The Obama administration says it won't use the Clean Air Act to cap greenhouse gas emissions, but some power companies want U.S. EPA to allow for the trading side of a cap-and-trade program, representatives of the utility industry told agency officials during a public hearing this afternoon.
It was the first of five sessions that were scheduled by EPA to get advice on a new round of rules limiting greenhouse gas emissions from power plants and refineries. Through the new regulations, called New Source Performance Standards, the agency won't set a limit on emissions for the entire utility sector, said Gina McCarthy, the head of EPA's air office.
But several utilities, such as California-based Pacific Gas and Electric Co. and Calpine Corp., suggested that the New Source Performance Standards could allow trading if they are harmonized with the new cap-and-trade programs in California and the Northeast.
Others urged the agency to let utilities meet the new standards by averaging greenhouse gas emissions from different power plants, which would allow them to meet limits at a lower cost. Among them was Pamela Faggert, vice president and chief environmental officer at Dominion Resources Inc., who said the Virginia-based power company was looking for measures that allow for "market-based choices."
McCarthy replied to comments by saying the agency is "open" to different ways to design the rules for existing facilities, which suggests the agency may consider tools such as trading, offsets and averaging. But McCarthy repeated a vow that the agency won't replicate the legislation that stalled in Congress last year.
"Our goal isn't to decide on a number for greenhouse gases that ought to be achieved," McCarthy said. "This is not about that. It's not the way the tool is used. It's not a cap-and-trade program, so while you're discussing alignment with various state programs, those are great things for us to explore, but we certainly do not have a greenhouse gas number in mind."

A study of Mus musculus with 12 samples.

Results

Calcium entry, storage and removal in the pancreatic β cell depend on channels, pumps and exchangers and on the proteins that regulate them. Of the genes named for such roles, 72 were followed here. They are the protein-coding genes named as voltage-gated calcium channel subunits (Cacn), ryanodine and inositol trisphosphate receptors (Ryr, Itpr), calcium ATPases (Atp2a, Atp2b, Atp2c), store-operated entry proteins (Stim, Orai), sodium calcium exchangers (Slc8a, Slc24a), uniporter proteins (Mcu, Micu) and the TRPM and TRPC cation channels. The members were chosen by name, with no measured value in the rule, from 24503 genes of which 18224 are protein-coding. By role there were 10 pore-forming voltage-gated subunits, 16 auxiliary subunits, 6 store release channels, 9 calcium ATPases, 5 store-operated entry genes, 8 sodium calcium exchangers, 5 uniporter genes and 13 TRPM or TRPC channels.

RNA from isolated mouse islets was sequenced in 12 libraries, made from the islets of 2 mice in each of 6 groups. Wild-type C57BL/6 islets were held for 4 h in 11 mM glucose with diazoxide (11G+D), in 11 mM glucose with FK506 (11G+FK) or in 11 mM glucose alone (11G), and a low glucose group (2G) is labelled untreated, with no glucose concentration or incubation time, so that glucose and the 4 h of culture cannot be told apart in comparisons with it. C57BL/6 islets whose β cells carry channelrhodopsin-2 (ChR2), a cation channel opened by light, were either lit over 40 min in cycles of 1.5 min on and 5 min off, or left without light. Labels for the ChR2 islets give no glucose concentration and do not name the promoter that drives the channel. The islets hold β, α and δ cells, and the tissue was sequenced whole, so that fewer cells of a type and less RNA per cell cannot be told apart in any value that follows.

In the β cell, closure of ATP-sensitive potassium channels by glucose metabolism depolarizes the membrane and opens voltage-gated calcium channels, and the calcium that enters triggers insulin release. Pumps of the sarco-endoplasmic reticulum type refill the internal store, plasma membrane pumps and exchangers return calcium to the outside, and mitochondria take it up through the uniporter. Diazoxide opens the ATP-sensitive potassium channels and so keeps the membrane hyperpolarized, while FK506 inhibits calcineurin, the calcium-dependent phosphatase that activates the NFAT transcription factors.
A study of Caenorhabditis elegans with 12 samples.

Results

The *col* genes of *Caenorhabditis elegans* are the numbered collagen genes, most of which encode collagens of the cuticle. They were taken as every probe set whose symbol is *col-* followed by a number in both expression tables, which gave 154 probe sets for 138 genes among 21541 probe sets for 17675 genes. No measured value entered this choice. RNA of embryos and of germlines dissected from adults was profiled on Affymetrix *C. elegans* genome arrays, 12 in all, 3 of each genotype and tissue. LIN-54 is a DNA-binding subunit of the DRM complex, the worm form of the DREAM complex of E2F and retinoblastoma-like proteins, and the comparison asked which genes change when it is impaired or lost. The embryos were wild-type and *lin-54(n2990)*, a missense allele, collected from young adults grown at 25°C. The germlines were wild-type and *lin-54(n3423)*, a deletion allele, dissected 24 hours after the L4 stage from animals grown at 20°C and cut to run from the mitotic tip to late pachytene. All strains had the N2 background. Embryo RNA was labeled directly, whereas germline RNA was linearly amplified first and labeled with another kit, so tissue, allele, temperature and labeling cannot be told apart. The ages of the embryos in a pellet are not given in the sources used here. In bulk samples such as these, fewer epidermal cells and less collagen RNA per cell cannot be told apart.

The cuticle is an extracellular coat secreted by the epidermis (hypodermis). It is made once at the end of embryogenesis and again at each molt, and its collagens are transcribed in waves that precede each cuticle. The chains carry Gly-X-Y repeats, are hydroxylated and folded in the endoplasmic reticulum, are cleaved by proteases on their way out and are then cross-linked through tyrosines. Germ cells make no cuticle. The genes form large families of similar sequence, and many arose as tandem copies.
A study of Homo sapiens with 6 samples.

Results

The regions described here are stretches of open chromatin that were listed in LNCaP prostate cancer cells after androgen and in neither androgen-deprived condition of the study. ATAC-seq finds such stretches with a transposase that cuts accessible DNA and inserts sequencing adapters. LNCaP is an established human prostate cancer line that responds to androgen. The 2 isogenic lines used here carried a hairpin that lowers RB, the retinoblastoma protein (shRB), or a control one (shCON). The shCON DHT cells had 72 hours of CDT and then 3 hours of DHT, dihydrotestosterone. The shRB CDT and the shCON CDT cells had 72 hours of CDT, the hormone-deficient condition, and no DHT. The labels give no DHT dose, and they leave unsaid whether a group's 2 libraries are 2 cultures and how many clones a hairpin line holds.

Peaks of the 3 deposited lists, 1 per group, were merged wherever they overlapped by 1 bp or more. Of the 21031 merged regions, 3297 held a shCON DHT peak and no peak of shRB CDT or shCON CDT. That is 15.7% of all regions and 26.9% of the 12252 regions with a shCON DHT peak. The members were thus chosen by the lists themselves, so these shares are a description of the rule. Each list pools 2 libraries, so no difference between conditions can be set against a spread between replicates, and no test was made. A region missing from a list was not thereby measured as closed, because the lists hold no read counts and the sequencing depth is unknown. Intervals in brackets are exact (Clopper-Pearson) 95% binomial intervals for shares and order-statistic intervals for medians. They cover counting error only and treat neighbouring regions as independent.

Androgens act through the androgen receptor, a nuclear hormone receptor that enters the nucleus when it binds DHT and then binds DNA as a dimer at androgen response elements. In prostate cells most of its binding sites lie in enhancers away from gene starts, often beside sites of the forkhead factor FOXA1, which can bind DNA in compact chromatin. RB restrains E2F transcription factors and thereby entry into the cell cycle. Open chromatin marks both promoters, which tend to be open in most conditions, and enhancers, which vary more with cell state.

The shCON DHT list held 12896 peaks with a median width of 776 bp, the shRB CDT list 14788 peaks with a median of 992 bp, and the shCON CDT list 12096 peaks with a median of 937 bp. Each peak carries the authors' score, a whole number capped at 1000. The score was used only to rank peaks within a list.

Though utilities generally agreed that EPA should use the standards to set a "floor" for new facilities, they were split about the best way to address the existing facilities. Some utilities raised concerns that companies with older or more carbon-intensive fleets would be hit hardest by the standards, transferring wealth from one part of the country to another.
Those types of concerns were raised by an official from coal-dependent Southern Co. and by John McManus, vice president of environmental services at American Electric Power Co. Inc.
By the end of the decade, the company's coal-heavy fleet will be less carbon-intensive because of a slew of new environmental rules, McManus said. He said the standards should reflect where companies are starting from and take their reductions into account.
"I'm not sure we have the capacity to do much more than what we see that we're going to have to do at AEP in the next 10 years," he said. "Retrofits, retirements, replacements -- we're going to have our hands full, and if we have to go much beyond that, it's going to be a challenge."